NORTH PORT — People have been visiting Little Salt Spring in North Port for more than 12,000 years.

These days, it’s a popular spot for college science students, and high school field trips. This was the case Nov. 19, when North Port High School teacher James Noonan took his students there to learn about the spring from Sarasota County Archaeologist Steve Koski, who has studied the site for decades and is in charge of the site’s maintenance.

The 112-acre property that includes the spring is off Price Boulevard in North Port, and is owned by the University of Miami. It’s operated by the university’s Rosenstiel School of Marine and Atmospheric Science. Bill Royal of Nokomis, an early SCUBA explorer, is credited with performing the first dives at the site in the late 1950s.

The spring was formed 15,000 to 20,000 years ago when the roof of an underground cavern collapsed, leaving its top open,according to the Rosenstiel School’s website. The pond is about 40 feet deep, but a vertical shaft in the middle drops 245 feet. It is hourglass shaped, and many artifacts have been found on its shelf and at the bottom.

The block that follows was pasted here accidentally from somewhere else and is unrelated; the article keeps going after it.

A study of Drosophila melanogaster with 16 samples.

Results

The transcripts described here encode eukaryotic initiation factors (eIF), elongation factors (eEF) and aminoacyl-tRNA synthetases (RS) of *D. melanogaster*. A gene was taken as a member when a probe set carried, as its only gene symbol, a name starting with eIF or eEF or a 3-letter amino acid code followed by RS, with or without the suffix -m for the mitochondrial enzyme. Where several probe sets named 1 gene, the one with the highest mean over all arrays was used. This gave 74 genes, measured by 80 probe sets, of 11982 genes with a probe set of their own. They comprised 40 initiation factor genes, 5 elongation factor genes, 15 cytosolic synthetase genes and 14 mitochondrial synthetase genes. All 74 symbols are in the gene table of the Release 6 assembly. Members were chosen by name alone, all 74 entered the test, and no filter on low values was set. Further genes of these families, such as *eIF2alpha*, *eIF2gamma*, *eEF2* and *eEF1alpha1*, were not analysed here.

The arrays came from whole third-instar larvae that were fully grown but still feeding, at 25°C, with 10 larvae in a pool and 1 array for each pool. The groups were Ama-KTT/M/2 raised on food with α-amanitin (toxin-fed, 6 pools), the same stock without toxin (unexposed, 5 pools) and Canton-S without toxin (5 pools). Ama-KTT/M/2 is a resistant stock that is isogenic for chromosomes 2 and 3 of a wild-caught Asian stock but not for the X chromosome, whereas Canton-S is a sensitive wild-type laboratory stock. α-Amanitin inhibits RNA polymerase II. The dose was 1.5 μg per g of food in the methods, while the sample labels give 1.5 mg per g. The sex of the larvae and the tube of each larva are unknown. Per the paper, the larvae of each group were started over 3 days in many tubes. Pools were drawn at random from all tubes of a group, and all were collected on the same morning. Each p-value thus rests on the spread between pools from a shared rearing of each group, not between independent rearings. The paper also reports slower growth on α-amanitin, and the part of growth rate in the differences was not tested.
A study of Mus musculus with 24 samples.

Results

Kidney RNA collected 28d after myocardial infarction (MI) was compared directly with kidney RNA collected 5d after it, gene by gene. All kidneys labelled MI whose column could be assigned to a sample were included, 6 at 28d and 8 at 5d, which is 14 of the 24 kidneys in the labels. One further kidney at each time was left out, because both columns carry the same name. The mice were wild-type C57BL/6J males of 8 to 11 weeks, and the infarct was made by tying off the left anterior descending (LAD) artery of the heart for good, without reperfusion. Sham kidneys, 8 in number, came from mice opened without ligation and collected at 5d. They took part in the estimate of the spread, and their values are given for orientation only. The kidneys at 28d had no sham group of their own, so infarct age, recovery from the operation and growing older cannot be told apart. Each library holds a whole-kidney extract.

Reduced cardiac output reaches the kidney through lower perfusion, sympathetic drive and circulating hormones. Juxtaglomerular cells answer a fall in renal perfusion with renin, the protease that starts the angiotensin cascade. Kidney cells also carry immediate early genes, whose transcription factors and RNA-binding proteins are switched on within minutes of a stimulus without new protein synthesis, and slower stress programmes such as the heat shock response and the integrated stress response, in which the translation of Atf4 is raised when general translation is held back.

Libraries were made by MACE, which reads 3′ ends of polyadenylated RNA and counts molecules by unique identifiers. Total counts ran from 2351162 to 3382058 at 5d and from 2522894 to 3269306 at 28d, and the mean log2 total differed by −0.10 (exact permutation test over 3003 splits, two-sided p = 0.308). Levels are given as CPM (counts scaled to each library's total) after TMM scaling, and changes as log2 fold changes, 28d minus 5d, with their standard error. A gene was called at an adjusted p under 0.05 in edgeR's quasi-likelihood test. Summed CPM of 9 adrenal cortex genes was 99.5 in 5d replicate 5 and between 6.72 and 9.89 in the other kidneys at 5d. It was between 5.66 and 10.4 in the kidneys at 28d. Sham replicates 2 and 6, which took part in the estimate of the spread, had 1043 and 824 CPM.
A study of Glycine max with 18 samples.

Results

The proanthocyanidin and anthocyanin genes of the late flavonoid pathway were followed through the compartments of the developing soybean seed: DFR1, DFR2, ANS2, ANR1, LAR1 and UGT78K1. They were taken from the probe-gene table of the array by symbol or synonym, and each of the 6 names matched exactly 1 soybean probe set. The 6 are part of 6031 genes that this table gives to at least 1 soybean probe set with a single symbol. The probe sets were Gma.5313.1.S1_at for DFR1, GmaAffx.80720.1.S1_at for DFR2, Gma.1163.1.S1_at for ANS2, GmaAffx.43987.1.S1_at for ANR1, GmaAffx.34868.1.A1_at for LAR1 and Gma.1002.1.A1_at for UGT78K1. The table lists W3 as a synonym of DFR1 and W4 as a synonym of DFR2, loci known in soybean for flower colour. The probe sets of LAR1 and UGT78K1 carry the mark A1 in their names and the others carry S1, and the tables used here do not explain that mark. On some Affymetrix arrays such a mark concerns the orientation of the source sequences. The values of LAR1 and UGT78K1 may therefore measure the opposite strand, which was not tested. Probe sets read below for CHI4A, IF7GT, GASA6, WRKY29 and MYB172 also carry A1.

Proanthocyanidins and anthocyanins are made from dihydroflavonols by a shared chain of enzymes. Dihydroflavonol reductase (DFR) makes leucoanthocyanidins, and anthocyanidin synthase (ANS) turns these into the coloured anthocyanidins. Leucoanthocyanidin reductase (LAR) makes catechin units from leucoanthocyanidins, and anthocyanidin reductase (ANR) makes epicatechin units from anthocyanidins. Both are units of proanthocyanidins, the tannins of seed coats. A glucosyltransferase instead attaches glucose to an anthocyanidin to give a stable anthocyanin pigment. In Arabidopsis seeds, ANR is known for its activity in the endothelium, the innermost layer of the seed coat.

Little Salt Spring contains some of the oldest cultural remains in the United States, the website states.

The water has a high mineral content, so it tastes salty. Below 16 feet, the water is anoxic, meaning “it has been underground for so long it loses all its dissolved oxygen, making it impossible for microbes and bacteria to live, so the decomposition of organic material is greatly reduced.” That means it preserves natural material and other organic items like human artifacts that fall into the spring, “including wood, textile fragments, hair, skin and brain tissue dating back to the Late Paleoindian and Early Archaic stages of Florida’s prehistory,” from 9,500 to 7,000 B.C.

“The site has produced the second-oldest dated artifact ever found in the southeast United States — a sharpened wooden stake some 12,000 years old,” the website states.

Little Salt Spring was added to the National Register of Historic Places in July, 1979. The site is not open to the public.